Did you know that there are both good and bad forms of cholesterol? Most people have a certain level of both types of cholesterol circulating through their bloodstream, based on diet and many other lifestyle factors.
Cholesterol is a natural component found in your blood. It's actually vital to your health to have a certain amount of the right type of cholesterol. But as with most things in life, too much cholesterol can be dangerous - and it's estimated that over 71 million Americans have high cholesterol.
Don't become another statistic, learn more about cholesterol care and how to keep unhealthy levels of cholesterol at bay.
What is Cholesterol and How Does it Affect Your Health?
Cholesterol is a fatty substance that is suspended within the bloodstream. There are two types of lipoproteins in the blood that carry cholesterol. There's high-density lipoprotein (HDL), known as ''good'' cholesterol, and low-density lipoprotein (LDL) - the cholesterol you don't want.
When your blood contains too many lipids, also known as fats, this can lead to hyperlipidemia or hypercholesterolemia. This means your LDL cholesterol levels are too high. On the other hand, if your HDL cholesterol levels are too low, this dangerous too. HDL cholesterol helps to remove dangerous cholesterol from your arteries. With low HDL levels, your risk of clogged arteries and blockages increases.
Cholesterol Care: How to Prevent High Cholesterol
In order to keep your cholesterol levels under control, it's important to know your numbers and have your cholesterol measured every 5-years. This gives you a chance to work on high cholesterol levels and get your numbers within the healthy range. Here are a few more preventative tips:
1. Take Control of Your Diet
This is probably the most important thing you can do to control your cholesterol levels. They are directly related to your diet and what you consume on a daily basis. Some top tips include:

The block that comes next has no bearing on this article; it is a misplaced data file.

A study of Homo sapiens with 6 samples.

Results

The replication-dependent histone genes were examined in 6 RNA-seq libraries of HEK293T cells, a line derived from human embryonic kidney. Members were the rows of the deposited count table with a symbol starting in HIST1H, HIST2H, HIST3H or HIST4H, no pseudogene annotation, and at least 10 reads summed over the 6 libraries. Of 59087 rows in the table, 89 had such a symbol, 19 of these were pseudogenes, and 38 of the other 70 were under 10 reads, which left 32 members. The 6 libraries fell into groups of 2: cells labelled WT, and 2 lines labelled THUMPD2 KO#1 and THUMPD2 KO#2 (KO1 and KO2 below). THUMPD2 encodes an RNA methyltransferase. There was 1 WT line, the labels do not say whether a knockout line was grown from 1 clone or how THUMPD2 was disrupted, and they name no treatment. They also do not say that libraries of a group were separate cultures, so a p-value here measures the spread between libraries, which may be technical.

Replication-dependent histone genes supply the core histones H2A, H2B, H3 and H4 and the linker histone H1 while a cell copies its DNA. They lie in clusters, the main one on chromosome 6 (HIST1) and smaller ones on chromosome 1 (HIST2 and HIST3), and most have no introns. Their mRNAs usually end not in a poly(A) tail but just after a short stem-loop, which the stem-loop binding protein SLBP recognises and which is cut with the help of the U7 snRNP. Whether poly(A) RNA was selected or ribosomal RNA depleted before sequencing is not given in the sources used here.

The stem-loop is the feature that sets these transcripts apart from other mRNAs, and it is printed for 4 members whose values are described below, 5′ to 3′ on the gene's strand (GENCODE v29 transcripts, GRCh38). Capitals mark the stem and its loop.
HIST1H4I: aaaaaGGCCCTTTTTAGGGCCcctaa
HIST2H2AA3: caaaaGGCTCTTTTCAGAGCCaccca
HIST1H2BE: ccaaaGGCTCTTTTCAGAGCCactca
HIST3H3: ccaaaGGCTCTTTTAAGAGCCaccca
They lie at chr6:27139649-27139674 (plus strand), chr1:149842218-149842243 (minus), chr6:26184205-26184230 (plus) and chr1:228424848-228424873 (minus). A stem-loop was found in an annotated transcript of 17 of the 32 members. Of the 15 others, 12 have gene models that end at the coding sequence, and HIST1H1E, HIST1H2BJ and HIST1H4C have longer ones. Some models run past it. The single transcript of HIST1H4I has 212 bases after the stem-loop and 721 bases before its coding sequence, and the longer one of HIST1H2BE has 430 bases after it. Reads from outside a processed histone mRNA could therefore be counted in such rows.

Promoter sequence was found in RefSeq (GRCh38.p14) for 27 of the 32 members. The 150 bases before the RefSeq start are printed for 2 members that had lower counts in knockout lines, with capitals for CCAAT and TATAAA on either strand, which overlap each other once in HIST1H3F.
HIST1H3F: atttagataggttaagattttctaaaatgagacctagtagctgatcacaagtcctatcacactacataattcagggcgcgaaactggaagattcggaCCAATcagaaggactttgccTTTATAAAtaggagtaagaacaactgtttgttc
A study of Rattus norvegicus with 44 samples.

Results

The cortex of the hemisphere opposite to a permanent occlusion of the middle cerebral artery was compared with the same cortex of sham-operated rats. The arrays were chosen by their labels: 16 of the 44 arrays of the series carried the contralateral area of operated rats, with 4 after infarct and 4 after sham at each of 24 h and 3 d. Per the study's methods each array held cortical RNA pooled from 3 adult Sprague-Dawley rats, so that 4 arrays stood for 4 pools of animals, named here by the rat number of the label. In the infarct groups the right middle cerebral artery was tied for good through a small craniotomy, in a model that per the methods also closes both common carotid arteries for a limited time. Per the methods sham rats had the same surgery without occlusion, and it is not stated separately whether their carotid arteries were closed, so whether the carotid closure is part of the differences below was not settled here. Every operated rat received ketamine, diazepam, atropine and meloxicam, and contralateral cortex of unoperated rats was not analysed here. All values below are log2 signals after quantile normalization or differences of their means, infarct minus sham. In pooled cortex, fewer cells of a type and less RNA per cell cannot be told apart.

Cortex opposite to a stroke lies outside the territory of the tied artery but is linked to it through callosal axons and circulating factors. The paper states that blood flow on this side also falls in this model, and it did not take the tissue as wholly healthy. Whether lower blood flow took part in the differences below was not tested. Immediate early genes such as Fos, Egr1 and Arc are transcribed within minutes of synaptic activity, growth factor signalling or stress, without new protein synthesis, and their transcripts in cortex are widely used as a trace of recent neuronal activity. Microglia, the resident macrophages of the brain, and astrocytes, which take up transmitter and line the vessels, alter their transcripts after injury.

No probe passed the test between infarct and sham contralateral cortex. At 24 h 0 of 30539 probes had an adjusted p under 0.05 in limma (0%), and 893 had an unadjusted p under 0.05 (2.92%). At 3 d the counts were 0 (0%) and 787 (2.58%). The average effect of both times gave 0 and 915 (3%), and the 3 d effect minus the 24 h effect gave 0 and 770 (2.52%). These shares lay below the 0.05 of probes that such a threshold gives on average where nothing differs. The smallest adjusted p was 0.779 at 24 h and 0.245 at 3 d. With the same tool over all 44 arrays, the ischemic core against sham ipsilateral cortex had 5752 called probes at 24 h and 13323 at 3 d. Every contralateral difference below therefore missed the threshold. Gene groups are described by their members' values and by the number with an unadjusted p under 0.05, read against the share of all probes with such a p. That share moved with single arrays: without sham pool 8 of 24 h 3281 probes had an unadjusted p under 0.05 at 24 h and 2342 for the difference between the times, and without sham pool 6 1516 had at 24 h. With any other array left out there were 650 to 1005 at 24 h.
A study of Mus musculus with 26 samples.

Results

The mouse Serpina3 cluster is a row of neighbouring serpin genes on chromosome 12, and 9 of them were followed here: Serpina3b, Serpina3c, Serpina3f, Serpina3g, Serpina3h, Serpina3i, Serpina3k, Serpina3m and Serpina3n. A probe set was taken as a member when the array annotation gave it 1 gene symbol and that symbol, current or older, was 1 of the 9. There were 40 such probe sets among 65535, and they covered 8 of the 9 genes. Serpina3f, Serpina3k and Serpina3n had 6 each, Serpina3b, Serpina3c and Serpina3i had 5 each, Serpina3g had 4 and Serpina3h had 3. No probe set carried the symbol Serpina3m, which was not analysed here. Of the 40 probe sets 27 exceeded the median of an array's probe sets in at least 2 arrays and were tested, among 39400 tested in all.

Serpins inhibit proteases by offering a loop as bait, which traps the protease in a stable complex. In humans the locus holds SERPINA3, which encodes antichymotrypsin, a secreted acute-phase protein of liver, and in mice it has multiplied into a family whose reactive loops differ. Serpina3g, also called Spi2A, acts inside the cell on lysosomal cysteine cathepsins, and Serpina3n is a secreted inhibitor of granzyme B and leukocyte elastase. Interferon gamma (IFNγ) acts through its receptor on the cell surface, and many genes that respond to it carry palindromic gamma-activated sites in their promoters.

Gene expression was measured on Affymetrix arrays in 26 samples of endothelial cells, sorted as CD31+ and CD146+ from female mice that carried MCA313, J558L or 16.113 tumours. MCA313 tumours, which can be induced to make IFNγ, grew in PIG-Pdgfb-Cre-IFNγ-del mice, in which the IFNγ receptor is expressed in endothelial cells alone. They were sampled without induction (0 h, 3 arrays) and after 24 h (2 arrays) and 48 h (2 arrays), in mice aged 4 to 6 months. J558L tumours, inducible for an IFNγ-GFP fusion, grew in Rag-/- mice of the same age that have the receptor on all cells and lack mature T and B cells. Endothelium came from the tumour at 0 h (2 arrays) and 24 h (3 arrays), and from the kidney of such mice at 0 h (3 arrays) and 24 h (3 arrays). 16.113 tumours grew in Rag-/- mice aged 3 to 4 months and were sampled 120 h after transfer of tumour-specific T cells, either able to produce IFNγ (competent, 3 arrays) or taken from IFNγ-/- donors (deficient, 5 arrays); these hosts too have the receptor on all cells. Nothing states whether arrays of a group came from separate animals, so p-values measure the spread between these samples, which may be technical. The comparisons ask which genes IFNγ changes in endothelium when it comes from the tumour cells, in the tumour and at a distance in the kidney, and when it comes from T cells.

Reduce your saturated fat intake, i.e. red meat and full-fat dairy products
Cut out trans fat, i.e. overly processed foods such as margarine, store-bought cakes, cookies, and crackers
Stick to monounsaturated fats, i.e. natural nuts and olive oil or polyunsaturated fats, i.e. fresh fish and canola oil in cooking
Increase your intake of omega-3 fatty acids found in salmon, herring, mackerel, walnuts, and other seeds
Up your intake of soluble fiber- found in oatmeal, legumes, lentils, sprouts, and fruit
Add whey protein to your diet which helps to lower LDL cholesterol levels
Stick to healthy carbohydrates full of additional fiber, such as wholewheat bread, pasta, and sweet potato
At the end of the day, a well-balanced diet is key. If it's too high in saturated and trans fats, your cholesterol levels will reflect this.
2. Exercise On a Regular Basis
A good way to maintain a healthy weight and diet is by incorporating regular exercise into your routine. Try to make it part of your lifestyle and it will become easy to maintain, too.
Try to exercise moderately (as in, break a sweat!) for 150 minutes per week - that's 30-minutes of exercise, 5 times per week. Or, you could work out more intensively 3 times per week.
3. Stop Smoking
One of the biggest contributing factors to poor cholesterol levels is the habit of smoking. As soon as you cut back or quit completely, your cholesterol levels will slowly return to normal. In fact, within 3 months of quitting, you will experience improved circulation and lung function. With 12 months of quitting, your risk of heart disease will be half that of a smoker!